The Good and Bad Sides of Offset Powder

Many things in everyday life can be good or bad, depending on circumstance and use. We need food to sustain ourselves, but too much leads to obesity and often to subsequent health problems. Penicillin has saved many lives, but excessive use of it has resulted in many bacteria that have changed over the years to develop a resistance to the antibiotic.

The converting industry contains examples of items that can be good or bad. Offset powder is one. Offset powder is a material used in printing operations to facilitate the subsequent drying of inks. Inks applied onto the surface of a substrate undergo drying. Before winding this printed substrate into a roll or slitting and stacking it, a printer “dusts” the inked surface with an offset powder.

Offset powder is a particle of starch that has a relatively large size. The starch can be tapioca, wheat, maize, or potato. When sprinkled over the printed surface, it prevents the front or printed side of a substrate from intimately contacting the back or unprinted side of a substrate. The starch particles act as spacers so air can enter from the sides and between the front and back of the substrate. This free flow of air across the inked surface allows inks that “dry” or cure by surface oxidation to receive exposure to oxygen in the air. The ink then cures to its final oxidized state.

From this description, offset powder obviously plays a very important role in a converting application that uses inks requiring oxidation to reach their final properties. The powder can come in a variety of types. Some have approval under specific regulations promulgated by the FDA. Certain offset powders have use with paper; others are for different substrates. Offset powders to separate materials also can have a coating to impart specific properties necessary in some applications.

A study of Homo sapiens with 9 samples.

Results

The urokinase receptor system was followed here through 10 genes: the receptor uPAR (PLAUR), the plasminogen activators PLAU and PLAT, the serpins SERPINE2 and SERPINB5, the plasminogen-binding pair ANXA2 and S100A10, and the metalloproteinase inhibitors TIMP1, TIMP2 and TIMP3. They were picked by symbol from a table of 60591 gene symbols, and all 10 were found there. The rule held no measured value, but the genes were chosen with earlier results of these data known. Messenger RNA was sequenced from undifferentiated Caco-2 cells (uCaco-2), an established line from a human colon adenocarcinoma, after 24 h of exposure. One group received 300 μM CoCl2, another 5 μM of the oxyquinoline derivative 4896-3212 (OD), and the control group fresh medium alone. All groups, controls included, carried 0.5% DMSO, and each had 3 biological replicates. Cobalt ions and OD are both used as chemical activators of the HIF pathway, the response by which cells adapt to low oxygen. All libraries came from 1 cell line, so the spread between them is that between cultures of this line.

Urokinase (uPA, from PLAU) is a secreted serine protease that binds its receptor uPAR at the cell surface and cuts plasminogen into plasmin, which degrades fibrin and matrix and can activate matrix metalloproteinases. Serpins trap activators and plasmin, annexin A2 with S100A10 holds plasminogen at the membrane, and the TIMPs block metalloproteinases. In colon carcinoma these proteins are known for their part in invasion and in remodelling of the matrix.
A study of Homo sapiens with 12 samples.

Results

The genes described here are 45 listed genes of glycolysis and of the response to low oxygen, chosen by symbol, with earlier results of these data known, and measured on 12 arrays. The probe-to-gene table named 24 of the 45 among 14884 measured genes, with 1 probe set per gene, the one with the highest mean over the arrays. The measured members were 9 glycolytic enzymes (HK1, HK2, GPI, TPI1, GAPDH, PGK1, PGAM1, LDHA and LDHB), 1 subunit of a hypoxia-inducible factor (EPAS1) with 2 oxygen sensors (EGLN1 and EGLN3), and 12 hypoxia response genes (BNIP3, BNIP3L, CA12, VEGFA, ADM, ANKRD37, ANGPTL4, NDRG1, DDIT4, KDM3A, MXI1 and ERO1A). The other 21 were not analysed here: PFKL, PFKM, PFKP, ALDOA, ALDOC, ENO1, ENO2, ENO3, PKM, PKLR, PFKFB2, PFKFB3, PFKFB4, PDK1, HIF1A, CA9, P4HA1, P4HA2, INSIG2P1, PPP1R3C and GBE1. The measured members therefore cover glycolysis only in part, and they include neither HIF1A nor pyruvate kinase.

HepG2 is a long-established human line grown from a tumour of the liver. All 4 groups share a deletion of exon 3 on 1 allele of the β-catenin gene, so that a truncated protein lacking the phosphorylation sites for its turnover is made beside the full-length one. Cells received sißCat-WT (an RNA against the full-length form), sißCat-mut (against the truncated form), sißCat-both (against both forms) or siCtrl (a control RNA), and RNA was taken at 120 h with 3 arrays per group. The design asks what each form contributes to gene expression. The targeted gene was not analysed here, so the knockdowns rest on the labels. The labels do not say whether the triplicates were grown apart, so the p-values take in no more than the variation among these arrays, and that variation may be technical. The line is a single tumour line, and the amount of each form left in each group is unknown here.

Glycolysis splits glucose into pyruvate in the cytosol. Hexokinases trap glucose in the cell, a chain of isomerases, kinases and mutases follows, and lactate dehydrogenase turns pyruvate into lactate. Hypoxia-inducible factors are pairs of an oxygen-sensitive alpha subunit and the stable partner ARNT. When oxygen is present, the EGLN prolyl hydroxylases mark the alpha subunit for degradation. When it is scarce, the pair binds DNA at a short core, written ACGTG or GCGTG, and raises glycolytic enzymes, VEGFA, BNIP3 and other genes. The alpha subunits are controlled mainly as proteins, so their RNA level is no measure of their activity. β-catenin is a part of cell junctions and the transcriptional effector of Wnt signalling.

Although offset powders are very beneficial, they sometimes can contribute detrimental characteristics. In applications in which a printed substrate undergoes further converting when perfect surface appearance is a requirement, use of offset powders may not be appropriate.

Consider the case of a printed substrate that will undergo lamination with an adhesive to a clear film. The application may be a label on which gloss and an optically perfect appearance are necessary. The dusting of offset powder acts like a sprinkling of dirt or other contaminant: It will produce surface imperfections in the laminate and seriously detract from the final appearance. They become entrapped in the lamination and contribute a “hills-and-valleys” appearance. This may be on a very small scale, but it is often enough to lead to an unsatisfactory appearance on close inspection.

Another application in which the use of offset powder may not be appropriate is on a printed substrate used to make labels for the in-mold label (IML) process. In this process, a label printed on a paper or plastic substrate becomes an integral part of an injection- or blow-molded container during the molding operation. IML products are used in a variety of applications, many of which involve the packaging of health and beauty care items for expensive products requiring excellent optical properties. For the popular “no-label” look, the optical characteristics must be such that the consumer cannot see the label under any circumstances. Specks of offset powder, dust, or anything similar would detract from the appearance of such a label and make it unsatisfactory.

Thus, people in the converting industry must be careful to avoid the use of offset powder on a printed surface when it could cause a problem in a subsequent operation. Using an ink that does not require an oxidation step to cure is one way to avoid offset powder — an example of a good material that sometimes can be bad.